I live in a small apartment. A couple days ago I added Jobes fertilizer to several potted plants. My home now reeks of noxious pulverized bone meal.

What can I do (short of removing the plants) to eliminate the odor?

  • 2
    What country are you in? In some countries (Europe/Canada) bone meal has been banned due to the rare possibility of transmitting prion diseases ( mad cow disease ) by inhaling the stuff. May 19, 2016 at 3:50
  • @GrahamChiu I'm in the US. The major ingredients listed on the bag are: feather meal, bone meal, processed poultry manure, and sulfate of potash. May 19, 2016 at 4:09
  • @samthebrand Just remove the Jobes spike and use a water soluble fertilizer
    – kevinskio
    May 19, 2016 at 10:07

3 Answers 3


If you used the spikes, I'd be surprised if you could smell those to the extent of your apartment 'reeking', but its simple to remove them. I suspect, though, you probably used the bagged granular formulation, and that would cause a stink, and there's not much you can do about it except to wait for it to pass, which it will, eventually. Either that or repot all your plants in fresh potting medium, removing most of the medium they're in now by gently washing it off.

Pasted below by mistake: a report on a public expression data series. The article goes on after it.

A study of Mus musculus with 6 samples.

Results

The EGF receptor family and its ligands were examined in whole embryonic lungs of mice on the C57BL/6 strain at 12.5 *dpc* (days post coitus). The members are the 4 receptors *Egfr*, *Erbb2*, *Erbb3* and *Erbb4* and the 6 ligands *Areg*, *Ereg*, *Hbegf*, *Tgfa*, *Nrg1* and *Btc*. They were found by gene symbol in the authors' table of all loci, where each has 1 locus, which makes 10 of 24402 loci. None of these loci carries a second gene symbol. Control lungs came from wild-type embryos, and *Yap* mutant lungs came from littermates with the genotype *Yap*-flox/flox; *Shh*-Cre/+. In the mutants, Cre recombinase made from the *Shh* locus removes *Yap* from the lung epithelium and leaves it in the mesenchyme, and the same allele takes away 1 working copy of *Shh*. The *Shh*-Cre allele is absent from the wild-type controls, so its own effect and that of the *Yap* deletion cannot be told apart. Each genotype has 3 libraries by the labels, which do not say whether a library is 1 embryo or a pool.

For future reference, anything with bonemeal, blood or fishmeal is always best used under the top layer of soil, preferably outdoors. Like at the bottom of a planting hole...


I just had the same problem when I applied Jobes fertilizer on top of my indoor kumquat plant. I was able to eliminate most of the odor by sprinkling a generous amount of potting soil on top of the fertilizer. It's helped a ton. However, next time I'll be buying the Jobes fertilizer spikes, at least for indoor plants. Best of luck!


In theory it would be nice to use "organic" fertilizers however, most of them are not suitable indoors and probably do not contain all the elements and micro elements. Missing just one can cause problems. Remove as much of the added fert as you can and top up with potting media. It doesnt mention on Jobes website if the following elements are supplied in their organic fert: calcium, sulphur, magnesium, manganese, molybdenum and boron.